The new Passbook app in Apple's iOS 6 software for the iPhone and iPad, which provides digital versions of boarding passes, movie tickets and membership cards, could prove to be the first step towards Apple's all-encompassing iTravel ecosystem.
Airlines around the world have been fast on the uptake – among them Virgin Australia (click here to see how Virgin's passbook-friendly boarding pass system works).
Passbook also offers live updates to these e-passes, such as flight delays and changes to the airport boarding gate.
Mobile boarding passes are of course far from new, and we're also seeing some impressive apps from airlines – notably the Qantas app for Windows Phones.
But Apple's move to provide inbuilt support for mobile boarding passes doesn't only mean broader availability across airlines.
It also lays down a path to the iTravel era which Apple hopes will do for the travel industry what Apple’s iTunes Store did for the music industry – and seek to enthrone the iPhone and iPad as the traveller's tech of choice.
The world according to iTravel
A key feature of iTravel is to enable paperless ticketing and wireless check-in systems similar to Qantas Next-Generation Check-in.
Those and other RFID features would rely on short-range Near Field Communications (NFC) technology being built into the device, which means we might not see iTravel arrive until the release of an NFC-enabled iPhone 5 or iPad 4.
While Apple has not publicly discussed iTravel, a series of submissions the company had filed with the US Patent & Trademark Office began to appear in April 2010, with subsequent updates as Apple expanded on the app's capabilities and filed new patent applications.
The most recent of these is a patent granted to cover NFC-enabled transportation ticketing.
Mock-up iTravel screens included with the patent documents also show the app could be used to make bookings for flights, hotels, car rentals and even trains and buses (and help track and claim reward points along the way).
It's not unusual for Apple products to have long gestation periods, especially when they would rely extensively on integration with the non-Apple world of hotels, airlines, booking agencies and other service providers.
Here's a walkthrough of how Apple wants you to travel in the iTravel era, with the mock-up screens submitted by Apple to the US Patent & Trademark Office.
First, fire up your iDevice and make a reservation – and right away you can see how Apple could take a slice of the action from each booking.
This would not only give Apple enormous clout in the online booking world – imagine an ‘iTravel Store’ linked to airlines and partnering with online booking sites – but it would fill Apple’s coffers with a hefty slice of revenue from across the travel industry, in the same way that the company already takes a cut from music, e-books and apps sold online.
But Apple’s intentions don’t stop there. iTravel may well be the killer app for travellers, with ‘post-flight’ features including city guides, maps and details on restaurants, bars, shopping and sight-seeing.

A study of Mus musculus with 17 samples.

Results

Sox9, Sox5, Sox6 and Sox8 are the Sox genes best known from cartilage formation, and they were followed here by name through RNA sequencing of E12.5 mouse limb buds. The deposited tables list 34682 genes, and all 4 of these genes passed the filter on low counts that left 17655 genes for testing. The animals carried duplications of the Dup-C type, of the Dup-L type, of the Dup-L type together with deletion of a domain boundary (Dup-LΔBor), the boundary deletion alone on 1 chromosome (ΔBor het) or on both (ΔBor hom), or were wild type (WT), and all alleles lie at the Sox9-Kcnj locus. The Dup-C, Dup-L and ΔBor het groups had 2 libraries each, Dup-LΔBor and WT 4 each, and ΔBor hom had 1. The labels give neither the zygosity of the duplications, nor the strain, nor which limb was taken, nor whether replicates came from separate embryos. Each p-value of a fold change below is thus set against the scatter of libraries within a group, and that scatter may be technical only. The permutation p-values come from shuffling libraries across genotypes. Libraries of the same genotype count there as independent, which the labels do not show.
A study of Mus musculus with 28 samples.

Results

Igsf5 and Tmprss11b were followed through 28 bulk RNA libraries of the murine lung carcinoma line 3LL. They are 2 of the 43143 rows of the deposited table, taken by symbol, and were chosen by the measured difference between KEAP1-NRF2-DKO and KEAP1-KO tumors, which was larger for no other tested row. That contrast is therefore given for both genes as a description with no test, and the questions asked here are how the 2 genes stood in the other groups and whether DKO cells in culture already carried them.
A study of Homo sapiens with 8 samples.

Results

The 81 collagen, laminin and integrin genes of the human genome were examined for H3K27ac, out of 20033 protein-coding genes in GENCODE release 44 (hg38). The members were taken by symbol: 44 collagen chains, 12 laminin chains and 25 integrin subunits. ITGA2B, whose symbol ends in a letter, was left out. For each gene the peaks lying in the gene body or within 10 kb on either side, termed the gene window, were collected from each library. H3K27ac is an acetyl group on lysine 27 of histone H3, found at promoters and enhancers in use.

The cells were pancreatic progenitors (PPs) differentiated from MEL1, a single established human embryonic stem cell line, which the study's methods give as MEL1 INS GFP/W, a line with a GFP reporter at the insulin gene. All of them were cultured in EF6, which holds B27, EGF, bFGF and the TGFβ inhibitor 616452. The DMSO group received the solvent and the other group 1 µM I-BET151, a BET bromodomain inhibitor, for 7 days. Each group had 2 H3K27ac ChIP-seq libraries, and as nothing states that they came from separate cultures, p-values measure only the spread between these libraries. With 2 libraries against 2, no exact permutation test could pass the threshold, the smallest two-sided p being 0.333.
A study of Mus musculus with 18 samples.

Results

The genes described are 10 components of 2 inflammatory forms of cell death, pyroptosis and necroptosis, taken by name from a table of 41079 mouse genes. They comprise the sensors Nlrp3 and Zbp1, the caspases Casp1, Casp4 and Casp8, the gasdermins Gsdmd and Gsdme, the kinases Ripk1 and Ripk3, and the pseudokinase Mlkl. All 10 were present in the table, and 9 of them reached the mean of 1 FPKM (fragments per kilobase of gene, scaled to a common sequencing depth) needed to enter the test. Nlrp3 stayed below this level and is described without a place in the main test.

Travel agents could also ensure their latest deals are pushed to you at any stage of the process.
Once your reservation is made iTravel begins to build your itinerary, which can also include bookings for hotel rooms and hire cars.
When you're ready to go, iTravels' pre-flight mode allows airlines to offer you upgrades shortly before your trip.
At the airport, your iDevice would provide a wealth of information and services.
It could also become a 'digital wallet' for providing identification.
Check in for your flight using an RFID-enabled iPhone or iPad, similar to the current Qantas and Air New Zealand systems.
Self-check baggage is also part of the deal...
... with your ticket and checked luggage matched up using wireless RFID.
Apple even want to provide some form of guidance through security.
But the experience doesn't stop once you reach the gate.
Apple sees iTravel as an interface to the airline's entire in-flight entertainment system.
When you're back down on the ground, iTravel steps in to offer its own city guide.
If you haven't already booked a hotel you can take advantage of last-minute specials, with the GPS system able to alert the hotel that you're en route so you can begin the check in process while you're still in the taxi or on the train.
And if you’re staying at an ‘iTravel-compatible hotel’ the app could handle everything from check-in to an in-room controller for the TV and stereo system, lighting, air conditioning, ordering room service and booking other hotel services such as an appointment at the spa.
Or, how about becoming a 'personal concierge' for booking dozens of other city-based activities?
Managing your rewards points is another of iTravel's capabilities.
There's also the chance of a desktop iTravel app, which could be used to build the itinerary and download it to your iDevice.
Apple routinely applies for patents on almost everything it thinks of, and not all of those see light of day.
But it's hard to imagine so much work going into iTravel, only for it to remain in Apple's sandbox, so hopefully this is an app we'll see in the next year or two..
About David Flynn
David Flynn is the editor of Australian Business Traveller and a bit of a travel tragic with a weakness for good coffee, shopping and lychee martinis.